I’m doing this two-part series to go along with the Chapter Book Challenge. Come join us!
So why don’t I read as much as I would like?
Because it’s hard.
My kids fight over where to sit. They interrupt with a million questions. They whine and want to watch TV instead. Last year, my toddler invented an exhilarating game of trying to fling himself backwards off the couch during story time. Not exactly an ideal focusing environment.
When I read by myself, I can knock out a book in a few hours. When I read to my kids, I might as well settle down and get comfortable with the characters because I know we’ll be there a while. Like a month.
But that’s okay. It’s still worth doing.
Here are some real-life tips I’ve found for making reading chapter books less painful (and now, many days, actually enjoyable!) at our house.
(Picture books are wonderful too, but in this post, I’m focusing on chapter books, with only a few pictures and mostly text on a page. )
PREPARING THE ENVIRONMENT AND YOURSELF
1. Read when the toddler is asleep or with the other parent. I’ve given up on trying to read chapter books with my 3-year-old in the room. He’s adorable, but a complete distraction. So I try to read to my six- and eight-year-old for 20-30 minutes during Tea Time when he’s napping. I also try read at bedtime for 20 minutes or so while Dad reads to The Great Distractor on the couch in the living room (or vice versa).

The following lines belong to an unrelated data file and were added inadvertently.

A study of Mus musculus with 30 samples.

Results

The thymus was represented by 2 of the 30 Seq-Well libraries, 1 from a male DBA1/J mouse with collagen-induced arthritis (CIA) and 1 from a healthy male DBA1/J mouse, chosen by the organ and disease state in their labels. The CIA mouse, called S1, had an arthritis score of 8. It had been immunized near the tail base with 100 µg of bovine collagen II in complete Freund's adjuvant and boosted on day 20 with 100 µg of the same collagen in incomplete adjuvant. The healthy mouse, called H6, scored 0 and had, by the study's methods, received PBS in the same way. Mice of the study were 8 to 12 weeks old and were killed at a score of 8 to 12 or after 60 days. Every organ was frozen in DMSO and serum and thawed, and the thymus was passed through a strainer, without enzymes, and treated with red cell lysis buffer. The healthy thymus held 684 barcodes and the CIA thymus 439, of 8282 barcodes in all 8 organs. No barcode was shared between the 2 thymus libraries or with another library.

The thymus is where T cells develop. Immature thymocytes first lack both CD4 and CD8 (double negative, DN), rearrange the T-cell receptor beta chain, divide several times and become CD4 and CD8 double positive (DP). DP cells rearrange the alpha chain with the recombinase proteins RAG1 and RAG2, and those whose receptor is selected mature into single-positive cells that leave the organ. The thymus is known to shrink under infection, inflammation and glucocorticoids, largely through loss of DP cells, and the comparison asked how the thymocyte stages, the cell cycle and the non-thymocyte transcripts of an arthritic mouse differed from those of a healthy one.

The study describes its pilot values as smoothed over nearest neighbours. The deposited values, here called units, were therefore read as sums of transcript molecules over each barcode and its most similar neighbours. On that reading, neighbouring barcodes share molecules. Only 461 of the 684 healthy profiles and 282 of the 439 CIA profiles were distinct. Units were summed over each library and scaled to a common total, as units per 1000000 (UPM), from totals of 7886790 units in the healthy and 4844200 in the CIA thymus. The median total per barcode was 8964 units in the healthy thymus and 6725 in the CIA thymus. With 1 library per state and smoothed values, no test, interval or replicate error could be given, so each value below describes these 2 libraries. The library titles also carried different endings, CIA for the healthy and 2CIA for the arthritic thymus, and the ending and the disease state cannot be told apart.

(I’ve heard rumors that there are toddlers who behave nicely and can actually be in the same room when you’re reading a chapter book. If this happens at your house, consider yourself in the 1%. I’m very happy for you and only the tiniest bit jealous. Don’t mind me–carry on!)
2. Expect it to go slowly and be frustrating.
When I expect to get through a whole chapter, I get annoyed at interruptions. But if I resign myself to the fact that we’ll probably only get through a couple pages, I’m much more pleasant. We often only get through 2-4 pages in 20 minutes.
I answer questions as we go. (If they ask totally unrelated questions, I’ll ask them to wait until we’re done.)
It takes us about a month to get through a chapter book.
That’s a long time, but it also allows the children to really get into the story, to get to know the characters, to dream themselves into that world. Some people might read more, but that’s okay. This is what we can do. I figure it’s better than nothing.
3. Bribe them with food. My kids like Tea Time (i.e. Reading Time) so much better now that I give them warm milk and a snack. Our standard snacks are apples and peanut butter, Baked Lays, pretzels, or crackers and cheese.
4. Pick a book you actually want to read. I’m much more likely to announce, “Tea Time!” when I care about the book. If I hate the book and have to drag myself to
read it, it’s just agony for all. And we don’t really need any more of that.
AS YOU’RE READING
5. Make sure the kids understand what’s going on. I’ll often stop and ask, “Do you know what’s happening?” I let them ask endless questions about plot, character, time period, etc. If they need to do that to get it straight in their minds, I let them.
I’ll finish the other 5 tips in Part 2, and also list some of the chapter books we’ve loved.
Any tips to share for reading Chapter Books? I’d love to hear them!
Want to join in on our Chapter Book Challenge? (I also list out the chapter books I’m hoping to read with them this year.) Let’s help each other out with this!